CAMDEN, NJ— U.S. Sen. Robert Menendez was in Camden Monday to announce new legislation that would impose steep sanctions on China and Chinese entities who supply and support fentanyl, a deadly synthetic opiate that is 50 times more potent than heroin.

Menendez was joined by city and county officials at the Camden waterfront, directly across the Delaware River from the Port of Philadelphia, where last summer inspectors seized 110 pounds of fentanyl, worth $1.7 million, from a Chinese cargo ship.

“Today’s battle against opioids looks very different than it did just a few years ago. Over the last five years, the potent synthetic opioid known as fentanyl has poured into the country from China and saturated our communities with deadly consequences,” Menendez said.


Earlier this year, in its largest ever bust, 254 pounds of fentanyl pills and powder was found hidden in a cucumber truck that was seized by US Customs and Border Protection officers at the Arizona-Mexican border.

“I’ve spent years fighting for better security at our ports, including making sure that every piece of cargo is scanned for illegal drugs, weapons and other threats. But China shouldn’t be trafficking this venomous drug into the United States to begin with. It has to stop.”

Camden County Freeholder Director Louis Cappelli said he recently came face to face with the consequences of the invasion of fentanyl at a funeral for a 28-year-old who died of an opioid overdose.

“The only thing found in his system was fentanyl,” Cappelli said.

So far this year there have been 63 reported opioid-related overdose deaths this year, said Cappelli. In 2018, there were 312 opioid-related death in Camden County, and 650 since 2017.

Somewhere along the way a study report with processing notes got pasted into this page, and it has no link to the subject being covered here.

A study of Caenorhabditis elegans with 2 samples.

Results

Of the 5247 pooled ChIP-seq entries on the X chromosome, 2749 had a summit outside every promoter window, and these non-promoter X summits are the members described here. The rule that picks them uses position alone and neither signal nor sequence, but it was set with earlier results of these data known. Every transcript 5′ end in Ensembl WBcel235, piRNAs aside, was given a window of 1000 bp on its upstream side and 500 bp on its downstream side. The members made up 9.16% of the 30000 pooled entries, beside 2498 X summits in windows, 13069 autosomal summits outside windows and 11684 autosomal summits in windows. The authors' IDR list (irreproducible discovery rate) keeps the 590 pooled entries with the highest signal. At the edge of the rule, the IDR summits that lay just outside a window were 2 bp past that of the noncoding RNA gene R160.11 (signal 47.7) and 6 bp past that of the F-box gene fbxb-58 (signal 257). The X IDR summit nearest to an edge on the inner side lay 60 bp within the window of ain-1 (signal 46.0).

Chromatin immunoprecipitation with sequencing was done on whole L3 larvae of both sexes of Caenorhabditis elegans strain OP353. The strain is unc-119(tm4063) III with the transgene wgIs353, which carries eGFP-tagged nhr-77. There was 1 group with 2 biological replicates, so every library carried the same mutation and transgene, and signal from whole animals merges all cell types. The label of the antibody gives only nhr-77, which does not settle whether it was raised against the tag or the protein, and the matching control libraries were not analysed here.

“The legislation that [Menendez] is proposing is exactly what we need to start turning the tide on the fentanyl coming into the United States,” Cappelli said.

The bipartisan bill, known as the Fentanyl Sanctions Act, is co-sponsored by Menendez and U.S. Sens. Chuck Schumer [D-New York], Tom Cotton [R-Arkansas], Sherrod Brown [D-Ohio], Marco Rubio [R-Florida], Pat Toomey [R-Pennsylvania] and Jeanne Shaheen [D-New Hampshire].

The bill, if passed, would provide $1 billion dollars over five years to:

  • Impose sanctions on drug manufacturers in China who knowingly provide synthetic opioids to traffickers, transnational criminal organizations like those in Mexico who mix fentanyl with other drugs and traffic them into the US and financial institutions that assist such entities
  • Authorize new funding to law enforcement and intelligence agencies, including the Departments of Treasury, Department of Defense and Department of State, to combat the foreign trafficking of opioids
  • Urges the President of the United States to commence diplomatic efforts with US partners to establish multilateral sanctions against foreign opioid traffickers
  • Establish a Commission on Synthetic Opioid Trafficking to monitor US efforts and report on how to more effectively combat the flow of synthetic opioids from China, Mexico and elsewhere.

“Last December, I was encouraged to see the administration push China to ban a wider range of fentanyl-related substances from being manufactured in their country,” Menendez said. “But as we all know, China has a long history of disregarding its international obligations and struggling to enforce its own drug laws. We need real accountability if we want to save American lives,” Menedez said.

While Camden County Police Department Deputy Chief Joe Wysocki said that the Camden County Police Department does not know of any fentanyl mills in Camden, Camden County, or South Jersey, he added that he police department meets with multiple federal and state law enforcement authorities each day to combat the substance.

“We attack the fentanyl problem with the same unique operational tactics as we do with heroin investigations,” Wysocki said, who also told a story from last Saturday night when a Camden County Police Officer revived an unconscious 31-year-old woman from Boothwin, Pennsylvania who had overdosed on fentanyl with her 21-month-old son in the backseat.

“What was disturbing was she came here from Boothwin, she purchased heroin thinking its heroin, but in reality with these overdoses it's not heroin, its fentanyl. She went to the family dollar, she stops with her son in the back seat, injected this position, and had no idea how she wound up at the gas station,” Wysocki said, adding that since the police department has started deploying Narcan, it has saved 421 lives.

“At the end of the day, we have to stop the fentanyl from coming into the city, and we do not have the ability to do that,” Wysocki said.